This is the home page of the online exhibit I curated, Ladino Music Today as a Tool of Storytelling and Preservation.
I always knew my grandfather could speak this odd sounding language, an ancient Spanish dialect that sounded like a mix of Spanish and Hebrew, both of which I was familiar with growing up Jewish in Southern Arizona. I knew that this was his first language, but I did not know much more than that about his heritage–my own heritage–until I became a part of the Michigan Library Scholars. These past few months have allowed me to learn more about my roots than I had ever imagined I would know.
I am Sephardic, meaning I am a Jew of Spanish descent. And while for most kids the year 1492 was when Christopher Columbus “sailed the ocean blue”, that year held a very different significance for my family. 1492 was the year when the Jewish community was expelled from the Iberian Peninsula by a decree issued by King Ferdinand and Queen Isabella. They were forced to either convert to Catholicism, flee the Iberian Peninsula, or suffer torture and be killed. Unlike many Jews on the Iberian Peninsula, my ancestors were fortunate enough to escape to Turkey where they remained for the next 450 years until the early 20th century when my great grandparents immigrated to the US and my grandfather was born, thus leading to me.
That funny language that my grandfather grew up speaking was Ladino, the language of the Jews from the Iberian Peninsula. The Ladino language itself is derived from Old Spanish mixed with Hebrew and sprinkled with the languages of the places where Jews settled after the expulsion. I never got the chance to meet my great-grandparents or my grandparents' siblings, so my only connection to my Sephardic roots has been through my Grandpa. He made sure that my sister and I were exposed to this language, as he is the last member of our family who speaks it. Today, there are an estimated 60,000 Ladino speakers worldwide. On family trips to Princeton, New Jersey to visit him and my grandmother, he would play Ladino music, introducing me and my sister to Jewish music we had never even heard in Hebrew school.
During my daily google searches of potential internships this past semester, I came across the Michigan Library Scholars page and found a list of their projects for this summer. I was stunned when I saw the project title Improving the Visibility of U-M Library's Holdings in Judeo-Spanish. I didn’t know that there was a collection of Ladino works, let alone anyone in the library who knew about this niche language.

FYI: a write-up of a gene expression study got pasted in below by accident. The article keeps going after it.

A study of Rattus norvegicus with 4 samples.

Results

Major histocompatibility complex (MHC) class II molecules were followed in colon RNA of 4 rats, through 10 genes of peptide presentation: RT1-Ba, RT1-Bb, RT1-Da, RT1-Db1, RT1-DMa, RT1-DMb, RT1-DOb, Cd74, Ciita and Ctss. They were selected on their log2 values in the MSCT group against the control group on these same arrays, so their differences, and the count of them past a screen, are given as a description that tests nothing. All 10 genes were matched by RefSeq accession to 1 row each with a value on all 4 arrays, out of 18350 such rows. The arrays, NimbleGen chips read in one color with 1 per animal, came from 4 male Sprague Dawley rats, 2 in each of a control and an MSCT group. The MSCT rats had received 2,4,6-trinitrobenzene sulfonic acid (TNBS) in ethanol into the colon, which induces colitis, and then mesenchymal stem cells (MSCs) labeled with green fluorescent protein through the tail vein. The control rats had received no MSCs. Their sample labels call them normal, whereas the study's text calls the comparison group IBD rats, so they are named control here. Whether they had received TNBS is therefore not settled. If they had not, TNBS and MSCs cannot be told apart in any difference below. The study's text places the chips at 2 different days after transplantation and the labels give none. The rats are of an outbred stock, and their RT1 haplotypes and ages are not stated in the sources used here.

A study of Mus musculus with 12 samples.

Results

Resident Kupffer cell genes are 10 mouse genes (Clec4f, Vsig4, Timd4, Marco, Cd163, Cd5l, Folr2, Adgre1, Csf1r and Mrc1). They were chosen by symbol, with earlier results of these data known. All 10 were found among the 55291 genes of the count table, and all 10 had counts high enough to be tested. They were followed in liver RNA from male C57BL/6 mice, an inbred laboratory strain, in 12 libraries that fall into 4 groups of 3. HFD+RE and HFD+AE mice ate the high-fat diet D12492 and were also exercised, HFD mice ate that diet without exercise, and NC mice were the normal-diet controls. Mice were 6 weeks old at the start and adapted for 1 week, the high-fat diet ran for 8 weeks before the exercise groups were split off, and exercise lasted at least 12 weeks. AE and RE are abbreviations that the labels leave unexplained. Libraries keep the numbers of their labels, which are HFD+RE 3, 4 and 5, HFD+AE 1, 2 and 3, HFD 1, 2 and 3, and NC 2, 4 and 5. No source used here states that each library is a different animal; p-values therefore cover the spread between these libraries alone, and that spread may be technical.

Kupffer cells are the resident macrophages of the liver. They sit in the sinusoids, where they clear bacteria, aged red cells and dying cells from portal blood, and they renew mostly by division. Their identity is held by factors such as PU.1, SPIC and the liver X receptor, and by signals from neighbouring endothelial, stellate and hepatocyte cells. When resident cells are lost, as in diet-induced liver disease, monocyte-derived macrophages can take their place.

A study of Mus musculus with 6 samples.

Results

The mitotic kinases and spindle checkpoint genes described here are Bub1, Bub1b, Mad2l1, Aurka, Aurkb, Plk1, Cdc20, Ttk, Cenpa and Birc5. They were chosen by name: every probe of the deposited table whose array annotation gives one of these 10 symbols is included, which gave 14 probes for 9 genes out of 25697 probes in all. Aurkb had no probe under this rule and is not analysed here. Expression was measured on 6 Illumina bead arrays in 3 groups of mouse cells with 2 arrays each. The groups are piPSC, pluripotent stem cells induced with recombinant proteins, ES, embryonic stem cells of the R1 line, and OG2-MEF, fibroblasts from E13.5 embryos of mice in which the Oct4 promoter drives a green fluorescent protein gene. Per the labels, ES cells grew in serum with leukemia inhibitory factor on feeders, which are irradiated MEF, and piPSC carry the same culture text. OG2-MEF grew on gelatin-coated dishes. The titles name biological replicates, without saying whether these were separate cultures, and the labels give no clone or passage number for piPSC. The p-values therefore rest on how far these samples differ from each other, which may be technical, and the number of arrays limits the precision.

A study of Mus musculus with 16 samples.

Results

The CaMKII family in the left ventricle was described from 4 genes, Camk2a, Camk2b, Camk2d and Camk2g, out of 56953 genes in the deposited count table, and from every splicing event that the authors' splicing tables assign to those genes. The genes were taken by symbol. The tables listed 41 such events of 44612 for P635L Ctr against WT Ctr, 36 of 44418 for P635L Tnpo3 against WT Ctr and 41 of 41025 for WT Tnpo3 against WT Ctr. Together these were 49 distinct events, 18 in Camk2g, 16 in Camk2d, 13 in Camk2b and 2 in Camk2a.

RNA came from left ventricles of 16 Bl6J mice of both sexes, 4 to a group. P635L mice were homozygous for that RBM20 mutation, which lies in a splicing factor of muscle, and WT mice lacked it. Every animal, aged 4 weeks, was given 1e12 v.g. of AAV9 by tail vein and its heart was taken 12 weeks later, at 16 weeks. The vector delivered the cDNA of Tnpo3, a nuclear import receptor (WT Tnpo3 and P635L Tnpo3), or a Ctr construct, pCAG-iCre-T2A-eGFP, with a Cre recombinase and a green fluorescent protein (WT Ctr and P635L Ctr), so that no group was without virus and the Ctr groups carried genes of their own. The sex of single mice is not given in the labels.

While I was excited to be a part of this project from the start, my enthusiasm grew exponentially when my mentor Gabriel Mordoch told me that I could decide how exactly I wanted to bring attention to the Ladino collection in the library. I knew immediately that I wanted to bring attention to the Ladino music within the collection. Gabriel helped me understand that an Omeka presentation would be the best way to tackle this task. The MLS program set up workshops for me and the other interns, teaching us everything we would need to know for our projects, from accessibility to conducting proper interviews to navigating different platforms the libraries offered. Gabriel Mordoch and Gabriel Duque helped fill in the gaps during our weekly meetings, teaching me how to navigate the incredible research guides in the library. These workshops and my weekly meetings with Gabriel Mordoch and Gabriel Duque allowed me to develop research skills that helped me with my project as well as any future academic pursuits that will require me to delve through the resources in the libraries.
With the help of Gabriel Mordoch, I decided that my final project would be a visual, audio, and written presentation called Ladino Music Today as a Tool of Storytelling and Preservation. The exhibit is titled Ladino Music Today as a Tool of Storytelling and Preservation. This specific angle was most important for me to bring attention to because Ladino music has always been the way that my grandfather has shared his heritage with me. As I researched influential Ladino musicians and composers, I noticed that they all used music as a way to communicate the history and stories of the Sephardic people, turning it from an oral tradition that had been passed down since before the expulsion in 1492 to a written and recorded story that could be kept forever. While I have not been able to record the stories of my own ancestors like several of the artists I cover in my project have, this project is a way for me to bring my heritage to The University of Michigan community and share with them what my grandfather shared with me.